Last weekend, January 25-27, Bert de Muynck | movingcities was invited by FAKE Design to attend the opening ceremony and start of the first phase of ORDOS100. 100 architects from 29 different countries and areas from Europe, America, Asia and Africa are invited to design a villa or public building with a floor area of 1,000 square meters.
Ordos, one hour and twenty minutes flying from Beijing, is located in the Ordos Basin, Inner Mongolia, a location dubbed China’s “energy bank for the 21st century”. The city of Ordos has entered the stage of large-scale development with a big number of energy projects getting under construction. In the slipstream of these energy projects, Ordos is building a city from zero.
When dealing with architecture and urbanism one can find oneself sometimes in strange places searching for the future of architecture and the city. Like searching in the desert for cities. Ordos is one of these places.
Today Ordos is a city waiting to be populated, anticipating the economic boom the region will be undergoing throughout the next decade. A territory once home to nomads and yurds, Ordos will be in the next year the site where 100 international and nomadic architects will temporary land, break ground and build. When strolling through over the site I was wondering if it would make sense to speculate if Ordos will be the first twenty-first century city in China. The ambition seems to be there, the architects prepared and a city in the making. Ordos is also the place where Zaha Hadid Ma Yangsong from the Beijing based MAD is currently constructing their Erdos Museum. On a freezing January morning all I saw where construction cranes flying low over the Inner-Mongolian desert; at this time of the year a snow covered area where welding competes with global warming. Without any doubt in the next decade Ordos will be the territory where concrete competes with cashmere, cows and coal.
One part of the new city development is called the Jiang Yuan Cultural and Creative Industrial Park, between Dongsheng District and Kangba Shi new District. On a plot of 197 ha 100 architects, all recommended by Herzog & de Meuron, will each design a villa. The project is made possible through investment by Jian Yuan Cultural & Creative Industrial Development Ltd. and Jiang Yuan Water Engineering Ltd., and is planned by Ai Weiwei | FAKE Design.
The above masterplan of ORDOS100, and additional maps, can be found via stashpocketblog. On the last weekend of January, 28 architects were invited to Ordos to visit the site, attend a symposium on the project and sign the contract. This project will proceed in 2 phases in 2008. Phase I is from January 26 to April 26 and phase II from May 17 till August 18.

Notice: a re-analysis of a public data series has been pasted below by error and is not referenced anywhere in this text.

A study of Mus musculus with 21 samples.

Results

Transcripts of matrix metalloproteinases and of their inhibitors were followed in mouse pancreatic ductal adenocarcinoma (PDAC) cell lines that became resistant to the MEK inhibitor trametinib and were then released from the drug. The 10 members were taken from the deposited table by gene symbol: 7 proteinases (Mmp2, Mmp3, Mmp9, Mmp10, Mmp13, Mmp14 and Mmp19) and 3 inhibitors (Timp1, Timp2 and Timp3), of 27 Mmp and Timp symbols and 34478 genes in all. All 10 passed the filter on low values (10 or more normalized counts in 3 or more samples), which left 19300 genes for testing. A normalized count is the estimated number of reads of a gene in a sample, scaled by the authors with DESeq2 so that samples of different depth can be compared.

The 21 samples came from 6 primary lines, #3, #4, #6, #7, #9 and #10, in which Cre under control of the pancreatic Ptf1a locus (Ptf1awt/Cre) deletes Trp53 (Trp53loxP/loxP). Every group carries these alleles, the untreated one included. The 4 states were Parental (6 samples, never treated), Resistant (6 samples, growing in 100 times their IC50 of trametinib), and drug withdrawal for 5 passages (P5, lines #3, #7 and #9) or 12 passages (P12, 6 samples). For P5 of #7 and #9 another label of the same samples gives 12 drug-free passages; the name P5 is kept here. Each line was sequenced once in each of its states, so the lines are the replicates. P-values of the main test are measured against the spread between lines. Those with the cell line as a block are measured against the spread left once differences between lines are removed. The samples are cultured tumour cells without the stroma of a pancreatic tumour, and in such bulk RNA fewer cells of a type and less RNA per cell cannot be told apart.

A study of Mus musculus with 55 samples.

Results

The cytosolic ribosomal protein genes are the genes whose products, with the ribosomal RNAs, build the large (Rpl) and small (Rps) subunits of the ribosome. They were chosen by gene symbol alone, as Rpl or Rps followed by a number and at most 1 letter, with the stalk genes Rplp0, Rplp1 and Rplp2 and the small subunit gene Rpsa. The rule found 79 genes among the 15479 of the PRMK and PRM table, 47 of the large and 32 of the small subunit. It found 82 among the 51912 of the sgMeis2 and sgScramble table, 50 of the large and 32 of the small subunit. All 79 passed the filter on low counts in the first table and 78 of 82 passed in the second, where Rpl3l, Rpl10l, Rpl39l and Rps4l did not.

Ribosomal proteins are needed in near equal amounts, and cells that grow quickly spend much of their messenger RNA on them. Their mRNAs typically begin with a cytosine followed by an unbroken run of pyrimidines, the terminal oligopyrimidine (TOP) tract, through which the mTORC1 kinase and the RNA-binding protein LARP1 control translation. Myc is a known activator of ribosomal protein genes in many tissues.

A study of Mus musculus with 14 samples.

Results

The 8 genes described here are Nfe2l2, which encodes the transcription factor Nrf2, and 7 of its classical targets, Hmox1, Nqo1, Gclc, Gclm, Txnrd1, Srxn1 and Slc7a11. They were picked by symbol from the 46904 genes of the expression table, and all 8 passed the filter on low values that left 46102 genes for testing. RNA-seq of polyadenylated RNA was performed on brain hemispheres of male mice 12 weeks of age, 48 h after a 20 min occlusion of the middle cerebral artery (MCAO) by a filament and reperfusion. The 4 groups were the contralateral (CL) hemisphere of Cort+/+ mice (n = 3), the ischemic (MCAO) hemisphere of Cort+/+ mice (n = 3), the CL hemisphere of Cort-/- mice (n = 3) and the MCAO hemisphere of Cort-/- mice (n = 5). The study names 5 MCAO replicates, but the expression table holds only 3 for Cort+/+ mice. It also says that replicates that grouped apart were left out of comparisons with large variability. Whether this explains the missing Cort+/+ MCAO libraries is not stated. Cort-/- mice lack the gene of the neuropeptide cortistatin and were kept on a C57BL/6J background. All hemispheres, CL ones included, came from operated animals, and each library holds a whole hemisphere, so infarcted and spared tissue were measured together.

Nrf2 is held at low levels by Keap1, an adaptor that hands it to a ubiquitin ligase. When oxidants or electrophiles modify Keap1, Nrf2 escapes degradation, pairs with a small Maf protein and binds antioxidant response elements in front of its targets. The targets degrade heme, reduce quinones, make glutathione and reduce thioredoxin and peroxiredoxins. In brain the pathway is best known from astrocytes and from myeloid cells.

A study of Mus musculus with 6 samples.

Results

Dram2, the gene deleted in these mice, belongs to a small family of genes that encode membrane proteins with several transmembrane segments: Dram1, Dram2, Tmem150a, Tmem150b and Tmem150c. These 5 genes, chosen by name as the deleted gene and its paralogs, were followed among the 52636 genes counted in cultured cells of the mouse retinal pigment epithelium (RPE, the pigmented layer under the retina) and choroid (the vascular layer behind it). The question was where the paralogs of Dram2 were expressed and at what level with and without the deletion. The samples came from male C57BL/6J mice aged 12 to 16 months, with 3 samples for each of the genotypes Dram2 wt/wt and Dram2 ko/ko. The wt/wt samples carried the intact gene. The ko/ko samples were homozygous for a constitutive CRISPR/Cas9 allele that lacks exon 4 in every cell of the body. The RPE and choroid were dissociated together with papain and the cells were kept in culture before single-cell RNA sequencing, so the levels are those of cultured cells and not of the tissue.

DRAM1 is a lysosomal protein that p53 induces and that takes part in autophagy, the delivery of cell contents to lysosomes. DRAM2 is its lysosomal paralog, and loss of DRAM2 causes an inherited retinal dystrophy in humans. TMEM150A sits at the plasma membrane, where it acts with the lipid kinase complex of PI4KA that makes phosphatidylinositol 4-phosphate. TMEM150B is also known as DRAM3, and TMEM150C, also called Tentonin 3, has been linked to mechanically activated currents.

The whole weekend felt like a gigantic experiment with architects, who were for a couple of days pulled from their studio’s into the open freezing air, from the creative comfort of their offices to a place where emptiness is context. During the weekend an inspiring and casual halo surrounded the architects everywhere they touched ground. It was an experience that was both driven by confusion and reality-check, questioning the relation between those two.
A full photographic overview of the weekend can be found on Ai Weiwei’s blog: Friday’s dinner, 28 architects for Phase I, ORDOS100 site visit, Saturday’s dinner, Sunday morning symposium, ORDOS100 lottery, Sunday evening Beijing afterparty. Sören Gruenert’s grüngrün flickr-page adds another view to it. Mos-Office posted one nice picture of a group of architects strolling over the ORDOS100-site. At first sight the image looked to me as a screen shot from the March of the Penguins-movie. Read also a review on the ORDOS100 opening ceremony; originally published in Chinese, and here the, oh yes almost readable, english google-translate version.
Alex Pasternack, a Beijing based and urbane writer with a keen eye for both the trashy and flashy development of Chinese architecture, recalls in Xanadu 2.0 his visit to Ordos & the Ordos Art Museum, designed by the DnA Design and Architecture, a Beijing based architecture firm, in August 2007. The Ordos Art Museum is . In order to explain the motives behind the ORDOS100-project he interviewed Cai Jiang, a Chinese business man with an exceptional architectural ambition:
The museum and the surrounding new town is the brainchild of 40-year-old entrepreneur Cai Jiang, who made his fortune in the uniquely Inner Mongolian combination of coal and milk. (…) The high-class architecture means more than flash and glamour, Cai insisted, returning to his ideas of social progress. “We want to show the government how you might start a city from zero, and what that could mean for the architectural field. Nowadays in China a lot of buildings go up every day, but after maybe 30 years they don’t work anymore. Our land has been destroyed by big development. But we could have some fantastic work here, just like the stuff you see abroad.”
In some ways ORDOS100 is a follow-up of the idea underlying Ai Weiwei’s Jinhua Architectural Park as it is based on the same principles to give young foreign architects the opportunity to build in a relatively short time. Ai Weiwei explains his motives as follows:
I want to introduce young foreign architects to China. They can’t just have good concepts; they need practice, they need opportunities.
Throughout 2008 movingcities will be regularly broadcasting updates on the progress of the project, both on this website as in publications.